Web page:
The valley of the River Erewash, which forms a border between Derbyshire and Nottinghamshire, is remarkable mainly for being unremarkable – a wide flood plain with a diminutive stream meandering across the flat meadows.
Its market towns perch on the hills above – Heanor, Ilkeston and Eastwood – the last of which associates the area with the epithet “the Lawrence country”, for here the young author, David Herbert Lawrence (1885-1930), known round about as “Bert”. grew up in what he later called “the country of my heart”.
Lawrence’s childhood, described in such novels as Sons and Lovers (1913), was the heyday of the local coal industry, now gone, which began when a couple of canny eighteenth-century landowners, Robert Barber and Thomas Walker, eyeing their Leicester competitors’ efforts to gain a waterway from their coalmines to the River Trent, obtained an Act of Parliament in 1777 to build the Erewash Canal from the Trent near Long Eaton to Langley Mill, which sits in the valley between Heanor and Eastwood.
They engaged the Heanor-born John Varley (1740-1809), surveyor and resident engineer of the Chesterfield Canal, but despite his achievements building the 2,850-yard Norwood Tunnel and the great flights of locks at each end of it, his reputation was questionable and after he mistook the levels at the top of the canal he was dismissed.
Construction of the canal was in fact straightforward – a waterway of fourteen broad locks with a single low aqueduct over the River Erewash near Shipley. Despite the difficulty with the top lock, the canal cost £21,000 – a couple of thousand pounds below budget – and opened ahead of schedule.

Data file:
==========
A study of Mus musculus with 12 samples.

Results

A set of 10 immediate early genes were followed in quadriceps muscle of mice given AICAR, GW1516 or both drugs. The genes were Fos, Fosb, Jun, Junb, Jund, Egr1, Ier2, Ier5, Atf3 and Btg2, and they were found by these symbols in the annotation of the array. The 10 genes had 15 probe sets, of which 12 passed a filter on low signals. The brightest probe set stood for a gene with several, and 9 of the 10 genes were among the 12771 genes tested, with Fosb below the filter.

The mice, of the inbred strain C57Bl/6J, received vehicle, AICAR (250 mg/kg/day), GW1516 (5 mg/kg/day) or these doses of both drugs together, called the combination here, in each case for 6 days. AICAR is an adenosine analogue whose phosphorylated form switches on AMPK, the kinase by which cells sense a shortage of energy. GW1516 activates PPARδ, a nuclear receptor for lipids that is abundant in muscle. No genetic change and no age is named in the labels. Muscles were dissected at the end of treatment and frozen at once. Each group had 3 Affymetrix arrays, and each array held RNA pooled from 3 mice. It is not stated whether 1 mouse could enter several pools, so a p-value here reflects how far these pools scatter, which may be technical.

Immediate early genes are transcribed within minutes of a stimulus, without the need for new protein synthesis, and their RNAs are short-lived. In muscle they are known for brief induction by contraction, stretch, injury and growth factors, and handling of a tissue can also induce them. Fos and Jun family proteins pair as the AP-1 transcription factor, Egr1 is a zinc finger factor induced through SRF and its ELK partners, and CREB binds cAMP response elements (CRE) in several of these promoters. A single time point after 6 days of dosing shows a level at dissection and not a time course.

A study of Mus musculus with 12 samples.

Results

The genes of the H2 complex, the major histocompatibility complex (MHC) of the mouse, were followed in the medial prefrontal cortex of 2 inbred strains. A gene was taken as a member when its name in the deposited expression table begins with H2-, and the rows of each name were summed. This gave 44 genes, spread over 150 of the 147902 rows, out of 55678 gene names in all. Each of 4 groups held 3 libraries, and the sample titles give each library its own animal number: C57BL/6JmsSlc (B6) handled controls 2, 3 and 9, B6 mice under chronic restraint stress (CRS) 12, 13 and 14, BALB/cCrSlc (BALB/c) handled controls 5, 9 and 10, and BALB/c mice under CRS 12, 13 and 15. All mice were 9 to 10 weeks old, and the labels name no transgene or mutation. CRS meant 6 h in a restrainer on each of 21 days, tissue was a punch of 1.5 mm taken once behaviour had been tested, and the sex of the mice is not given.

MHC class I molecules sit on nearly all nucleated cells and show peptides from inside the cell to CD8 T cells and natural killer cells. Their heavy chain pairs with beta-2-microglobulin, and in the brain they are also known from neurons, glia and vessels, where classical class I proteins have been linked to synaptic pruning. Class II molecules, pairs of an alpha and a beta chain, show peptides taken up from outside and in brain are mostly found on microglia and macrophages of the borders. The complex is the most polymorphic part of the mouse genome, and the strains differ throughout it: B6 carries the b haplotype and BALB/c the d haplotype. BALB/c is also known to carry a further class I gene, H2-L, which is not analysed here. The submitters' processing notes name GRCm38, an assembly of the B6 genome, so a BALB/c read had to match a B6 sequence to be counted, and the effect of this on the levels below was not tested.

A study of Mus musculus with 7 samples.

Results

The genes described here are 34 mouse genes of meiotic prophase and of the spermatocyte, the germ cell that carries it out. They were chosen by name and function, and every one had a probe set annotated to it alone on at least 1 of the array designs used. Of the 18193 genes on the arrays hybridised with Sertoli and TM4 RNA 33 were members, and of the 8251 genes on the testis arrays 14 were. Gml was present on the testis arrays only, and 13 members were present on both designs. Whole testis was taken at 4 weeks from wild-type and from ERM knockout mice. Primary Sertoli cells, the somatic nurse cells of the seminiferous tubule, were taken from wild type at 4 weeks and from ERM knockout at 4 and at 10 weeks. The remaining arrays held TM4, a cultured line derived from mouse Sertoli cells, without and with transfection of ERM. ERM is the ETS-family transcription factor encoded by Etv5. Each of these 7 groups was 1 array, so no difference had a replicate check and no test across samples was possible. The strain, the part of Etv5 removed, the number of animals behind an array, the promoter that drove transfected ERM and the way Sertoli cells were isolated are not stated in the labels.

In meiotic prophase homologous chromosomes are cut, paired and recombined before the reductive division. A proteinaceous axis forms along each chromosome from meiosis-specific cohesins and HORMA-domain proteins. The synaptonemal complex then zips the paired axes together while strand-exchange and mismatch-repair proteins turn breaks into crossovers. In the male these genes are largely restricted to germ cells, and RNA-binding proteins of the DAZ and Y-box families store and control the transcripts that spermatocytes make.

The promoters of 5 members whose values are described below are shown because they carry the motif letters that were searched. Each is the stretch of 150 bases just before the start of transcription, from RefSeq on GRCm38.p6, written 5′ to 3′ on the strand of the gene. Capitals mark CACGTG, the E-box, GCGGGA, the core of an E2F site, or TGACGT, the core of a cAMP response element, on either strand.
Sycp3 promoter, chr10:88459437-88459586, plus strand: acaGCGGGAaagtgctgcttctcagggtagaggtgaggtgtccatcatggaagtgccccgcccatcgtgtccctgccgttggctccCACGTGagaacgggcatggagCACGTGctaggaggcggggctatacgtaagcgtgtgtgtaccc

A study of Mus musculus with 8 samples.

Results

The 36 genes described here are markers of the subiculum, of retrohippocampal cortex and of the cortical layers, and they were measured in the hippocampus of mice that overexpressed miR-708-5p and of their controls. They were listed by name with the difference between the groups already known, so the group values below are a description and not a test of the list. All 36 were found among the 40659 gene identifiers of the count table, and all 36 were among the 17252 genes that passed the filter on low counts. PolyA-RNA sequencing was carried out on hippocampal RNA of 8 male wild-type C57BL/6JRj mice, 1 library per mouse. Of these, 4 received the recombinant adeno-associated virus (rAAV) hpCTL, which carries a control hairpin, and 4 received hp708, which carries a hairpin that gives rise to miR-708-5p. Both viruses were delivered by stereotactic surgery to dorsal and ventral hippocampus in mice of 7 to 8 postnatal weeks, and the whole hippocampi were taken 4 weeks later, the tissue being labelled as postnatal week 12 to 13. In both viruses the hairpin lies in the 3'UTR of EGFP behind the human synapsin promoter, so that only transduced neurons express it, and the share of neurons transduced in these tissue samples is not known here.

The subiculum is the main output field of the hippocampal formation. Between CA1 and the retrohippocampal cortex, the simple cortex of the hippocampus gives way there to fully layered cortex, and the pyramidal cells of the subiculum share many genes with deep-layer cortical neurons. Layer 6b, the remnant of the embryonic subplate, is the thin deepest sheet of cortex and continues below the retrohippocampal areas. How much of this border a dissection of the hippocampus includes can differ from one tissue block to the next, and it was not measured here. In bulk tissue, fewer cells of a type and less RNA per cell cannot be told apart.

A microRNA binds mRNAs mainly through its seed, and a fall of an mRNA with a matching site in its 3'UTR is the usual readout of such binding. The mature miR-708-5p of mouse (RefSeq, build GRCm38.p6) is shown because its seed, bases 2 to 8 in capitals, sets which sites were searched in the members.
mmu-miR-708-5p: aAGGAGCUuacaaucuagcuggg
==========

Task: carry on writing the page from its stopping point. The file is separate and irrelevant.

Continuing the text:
Not only did the Erewash Canal open up the coalfield along its course, but it prompted the construction of a whole network of connecting waterways – the Cromford Canal (1794) and, with the same year, 1796, three further waterways, the Derby Canal, the short Nutbrook Canal and the Nottingham Canal, which made Langley Mill a three-way junction providing the Cromford Canal with a shorter, competing route for traffic heading downstream on the Trent.
Erewash Canal shares were worth having: when the first railways appeared in the area in 1839-40, its dividends slumped from 64% to 45% in 1841, and remained above 21% for the following fifteen years. Indeed, the canal remained independent until it was nationalised after the Second World War. While the other local canals declined and closed, the Erewash Canal had the advantage that its direct connection to London by the Grand Junction and the Old Grand Union canals remained free of railway ownership.
Barge traffic eventually ceased in 1952 and British Waterways nominally closed the top section of the Erewash Canal in 1962, but had to maintain it in order to supply water from the Nottingham Canal’s Moorgreen Reservoir for navigation in the lower section and to supply Stanton Ironworks.
Members of the Inland Waterways Association, having lost the battle to keep the Derby Canal open, formed the Erewash Canal Preservation & Development Association (ECP&DA), leased the threatened lock cottages at Sandiacre and organised working parties to keep the waterway navigable.
In 1971-1973 the Association reclaimed the derelict terminal basin at Langley Mill, reinstating the connections with the moribund Cromford and Nottingham canals.
The importance of this restoration work cannot be overstated. Apart from keeping the Erewash Canal open to pleasure craft, the Association’s work makes possible the ultimate restoration of the Cromford and Derby Canals, however many decades each might take.
But for the foresight of less than a dozen individuals in the late 1960s, the canals of the Erewash valley would have been quite literally gone and forgotten.
The Waterways & Railways of the East Midlands (September 3rd-7th 2018) tour includes visits to the Great Northern Basin and the Sandiacre Lock Cottages. For further details please click here.